In 2017, UNRISD developed a set of new research ideas, the Ideas Incubator
.These projects either follow in the tradition of the Institute’s past work or stretch the boundaries in new directions.
Two of these projects look at the impact of technology on human rights and sustainable development. Social Policy 2.0: Responding to New Tech Divides focuses on the impact of new technologies on poverty, inequality and human rights in the era of the 2030 Agenda for Sustainable Development and the Sustainable Development Goals.
The Gig Economy and Social Security: Towards a (New) Digital Precariat? examines the increasingly blurred lines between formal and informal employment through the rise of platforms such as Uber and AirBnB. The growth of non-standard forms of employment around the globe has uncertain impacts on the welfare of workers and their basic rights to work and to social security.These emerging technologies have significant impacts on industries, labour markets and jobs, as well as privacy implications, consequently affecting the welfare of people in both developed and developing countries.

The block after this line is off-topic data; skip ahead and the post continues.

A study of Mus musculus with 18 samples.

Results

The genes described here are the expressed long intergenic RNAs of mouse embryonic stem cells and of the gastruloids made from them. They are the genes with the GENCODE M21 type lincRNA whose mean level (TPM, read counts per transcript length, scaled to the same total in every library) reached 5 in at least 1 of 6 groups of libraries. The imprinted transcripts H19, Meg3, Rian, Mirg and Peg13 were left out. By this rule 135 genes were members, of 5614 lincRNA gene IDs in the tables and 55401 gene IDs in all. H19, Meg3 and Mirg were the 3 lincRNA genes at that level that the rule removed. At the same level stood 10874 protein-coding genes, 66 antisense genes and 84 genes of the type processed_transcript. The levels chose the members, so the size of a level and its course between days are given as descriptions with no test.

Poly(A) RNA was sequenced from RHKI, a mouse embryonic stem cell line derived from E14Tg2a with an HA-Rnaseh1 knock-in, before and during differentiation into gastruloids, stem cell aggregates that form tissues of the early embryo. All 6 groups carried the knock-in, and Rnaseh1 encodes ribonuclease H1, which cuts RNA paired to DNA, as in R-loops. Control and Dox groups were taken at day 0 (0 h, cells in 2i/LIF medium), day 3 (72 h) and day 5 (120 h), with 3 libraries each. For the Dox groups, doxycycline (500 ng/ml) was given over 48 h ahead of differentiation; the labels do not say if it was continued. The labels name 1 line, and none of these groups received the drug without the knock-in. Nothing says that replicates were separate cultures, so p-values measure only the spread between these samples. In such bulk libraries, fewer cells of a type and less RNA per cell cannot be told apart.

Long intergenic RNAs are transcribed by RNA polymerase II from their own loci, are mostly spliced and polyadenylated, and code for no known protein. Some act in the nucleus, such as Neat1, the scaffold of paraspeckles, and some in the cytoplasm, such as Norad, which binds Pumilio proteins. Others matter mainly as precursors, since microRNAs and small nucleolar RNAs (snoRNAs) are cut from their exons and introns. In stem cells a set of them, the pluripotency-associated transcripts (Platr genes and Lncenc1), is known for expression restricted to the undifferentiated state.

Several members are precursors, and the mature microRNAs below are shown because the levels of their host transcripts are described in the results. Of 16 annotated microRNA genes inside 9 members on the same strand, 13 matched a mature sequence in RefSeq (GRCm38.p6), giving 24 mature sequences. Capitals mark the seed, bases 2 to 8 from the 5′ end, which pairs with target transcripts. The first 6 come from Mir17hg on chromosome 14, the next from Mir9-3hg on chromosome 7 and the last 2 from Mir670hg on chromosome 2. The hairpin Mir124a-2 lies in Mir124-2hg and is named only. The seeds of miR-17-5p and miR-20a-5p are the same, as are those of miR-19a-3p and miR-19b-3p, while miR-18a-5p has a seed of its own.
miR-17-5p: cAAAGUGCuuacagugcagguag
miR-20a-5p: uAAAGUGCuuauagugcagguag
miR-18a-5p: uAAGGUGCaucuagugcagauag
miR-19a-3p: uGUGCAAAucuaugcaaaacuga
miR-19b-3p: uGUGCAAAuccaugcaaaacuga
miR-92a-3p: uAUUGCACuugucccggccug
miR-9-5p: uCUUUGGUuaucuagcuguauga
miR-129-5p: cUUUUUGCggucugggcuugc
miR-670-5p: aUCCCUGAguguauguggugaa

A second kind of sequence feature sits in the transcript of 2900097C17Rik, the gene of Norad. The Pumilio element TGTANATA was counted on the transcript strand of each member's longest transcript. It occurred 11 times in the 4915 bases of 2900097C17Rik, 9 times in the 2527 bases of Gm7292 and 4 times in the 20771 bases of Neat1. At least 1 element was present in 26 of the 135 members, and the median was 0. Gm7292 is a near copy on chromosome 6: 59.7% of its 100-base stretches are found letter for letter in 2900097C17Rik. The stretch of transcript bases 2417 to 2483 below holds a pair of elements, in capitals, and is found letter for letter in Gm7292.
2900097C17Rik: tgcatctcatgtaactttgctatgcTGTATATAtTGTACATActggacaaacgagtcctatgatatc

To help policy makers and other stakeholders respond to these new challenges, these projects ask:
- What is the impact of new technologies on poverty and inequality?
- How can governments continue to protect the human right to privacy in the midst of new technological advancement?
This project development workshop will serve as a brainstorming session exploring the intersections between new technology and human rights across a range of dimensions relevant to inclusive, sustainable development. The event’s aims are to identify and discuss key questions and areas of research on the issues of human rights and new technology. Participants from academia, civil society and international organizations will discuss how to incorporate a human rights-based approach to the challenges and opportunities of what is often called the Fourth Industrial Revolution, and develop a collaborative research proposal to further explore these issues. This thematic approach, intentionally broad, covers a range of different questions related to privacy, employment, social security, health care, migration, gender, inequality and social dimensions of sustainable development.
The workshop’s aims are to further elaborate research questions and areas of research, and develop strategies to strengthen and expand research communications and partnerships.
A think piece series will be launched on 26 February in which experts from a range of disciplines will explore ideas related to the workshop themes.